Deepak Subburam| Deep learning
Research notes

posted by Deepak on Jul 19, 2017

A Restricted Boltzmann Machine (RBM) is a fully-connected layer in a neural network that is trained as an autoencoder via a special method called contrastive divergence. See the RBM section at deeplearning.net for the theory. Unlike a simple feed-forward network trained as an autoencoder, an RBM is a generative model that can be used to a) generate samples from the data distribution, and b) produce log-likelihood values for a given input sample. I have implemented a variety of RBM types in my TensorFlow based comprehend package on github. Here I test them on the Labelled Faces in the Wild (LFW) dataset1. They do learn what typical faces look like, generating samples of them from scratch. They are also able to move a given actual face towards a more typical representation.

Sample faces from dataset
Fig. 1: 64 random faces from the LFW dataset, after preprocessing

Figure 1 shows a sampling from the LFW dataset, after they have been frontalized2, converted to grayscale, resized to 64x64 pixels, with pixel values normalized to have mean 0.0, standard deviation 0.3 and clipped to range [-1.0, 1.0]. These processed images, 13200 of them, form our input data. For the purpose of dimension reduction, and to take advantage of the local structure in the data, I first use a convolutional neural network (CNN) before adding an RBM layer on top. The CNN has five layers, with the first four having a convolution stride of 2 doing the bulk of the dimension reduction. The input layer, i.e. the images, with its dimension of 64x64x1=4096 is reduced to 4x4x32=512 at the output layer of the CNN. I train the CNN layer by layer as an autoencoder with L2 cost, using standard back propagation and the Adam optimizer.

The output of the CNN, i.e. the hidden values of the top layer, are then saved to disk and serve as the input data for a single layer RBM, of 500 hidden units. RBMs use a sigmoid activation function, and so values in the range [0.0, 1.0]. This is easily addressed by a simple linear transformation of the input data. The harder issue to deal with is the fact that vanilla RBMs model probabilities of binary input values: the data is presumed to be either very close to 0.0 or very close to 1.0. When training an RBM, values are sampled to be either 0 or 1. This works great for the MNIST dataset, but not here where the input data is continuous. In fact, this is the main reason for this post: I wanted to test my modifications to vanilla RBMs to handle continuous-valued input (I had already tested vanilla RBMs with MNIST, where they work great).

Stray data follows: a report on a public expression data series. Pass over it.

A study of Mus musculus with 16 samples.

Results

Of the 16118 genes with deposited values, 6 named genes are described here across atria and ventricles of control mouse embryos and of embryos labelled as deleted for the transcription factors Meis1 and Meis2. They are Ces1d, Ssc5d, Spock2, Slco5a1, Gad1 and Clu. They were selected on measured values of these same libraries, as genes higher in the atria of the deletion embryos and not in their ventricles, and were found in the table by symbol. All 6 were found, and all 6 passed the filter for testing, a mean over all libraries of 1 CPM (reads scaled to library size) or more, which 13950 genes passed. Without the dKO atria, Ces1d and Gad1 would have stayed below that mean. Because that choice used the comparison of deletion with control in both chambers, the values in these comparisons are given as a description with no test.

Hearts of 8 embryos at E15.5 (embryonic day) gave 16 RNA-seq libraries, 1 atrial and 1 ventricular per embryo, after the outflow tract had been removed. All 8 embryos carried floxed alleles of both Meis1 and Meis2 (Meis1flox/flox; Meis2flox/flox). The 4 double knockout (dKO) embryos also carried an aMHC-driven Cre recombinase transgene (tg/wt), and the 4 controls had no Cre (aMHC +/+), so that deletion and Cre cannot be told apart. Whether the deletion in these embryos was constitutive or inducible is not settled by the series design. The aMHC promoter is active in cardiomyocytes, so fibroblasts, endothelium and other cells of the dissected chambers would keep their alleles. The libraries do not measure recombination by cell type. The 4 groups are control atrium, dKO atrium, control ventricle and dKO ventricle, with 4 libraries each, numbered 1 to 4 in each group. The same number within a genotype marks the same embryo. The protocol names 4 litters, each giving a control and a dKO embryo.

Literature on continuous-valued RBMs is sparse; what I came across suggested sampling using a standard Gaussian with some standard deviation, e.g. 0.1, centered at the values output by the sigmoid activation function. This seemed not quite right to me as the resulting sampled values will require clipping to stay in range [0.0, 1.0]. So I am using sampling from a beta distribution, whose range is naturally [0.0, 1.0], instead. See the RRBM and R3BM classes in the networks.py module of my comprehend package on github. There was some adaptation involved, as the beta distribution is not normally parameterized by its mean and standard deviation.

Faces after autoencoding
Fig. 2: Faces from Figure 1 after autoencoding by the CNN-RBM network

After the RBM was trained, it was stacked on top of the CNN (with the simple linear transformation in between the two to translate the ranges of values). Figure 2 shows the results when the faces from Figure 1 are fed as input to this CNN-RBM network (encoding), and output is fed back down (decoding) from the RBM on top to perform an autoencoding. The faces look regularized, towards an average-looking face—glasses and moustaches go missing. We can control the extent this happens by mixing the hidden values in the upward pass with those on the downward pass at some intermediate layer (not shown).

Faces generated by the RBM
Fig. 3: Faces generated from scratch by the RBM

Now RBMs can also be used to generate samples. Starting with random input values, after 1000 iterations of Gibbs sampling, I obtain the faces in Figure 3 (when the RBM samples are reversed using the CNN). They look like real faces, though smoother and closer to the canonical face than the actual samples. To get more resolution, we would likely need a deep multi-layered RBM3.

Now for some fun: let’s try interpolating faces. My initial intention was to interpolate between faces at the RBM hidden layer level. But as the RBM likes to typicalize faces, losing distinctiveness, I here do it at the top CNN layer. Figure 4 below shows the result of mixing George W. Bush’s faces with Tony Blair’s. I believe we would get better results if we use a deep RBM and mix hidden values at the top of that—will leave that for another day.

Faces interpolated by the CNN
Fig. 4: Top row faces mixed with bottom row faces to get middle row faces

1 Erik Learned-Miller, Gary B. Huang, Aruni RoyChowdhury, Haoxiang Li, and Gang Hua. Labeled Faces in the Wild: A Survey. Advances in Face Detection and Facial Image Analysis, 2016.

2 Tal Hassner, Shai Harel, Eran Paz and Roee Enbar. Effective Face Frontalization in Unconstrained Images. IEEE Conf. on Computer Vision and Pattern Recognition (CVPR), 2015.

3 G. E. Hinton and R. R. Salakhutdinov. Reducing the Dimensionality of Data with Neural Networks. Science, Vol. 313, 2006.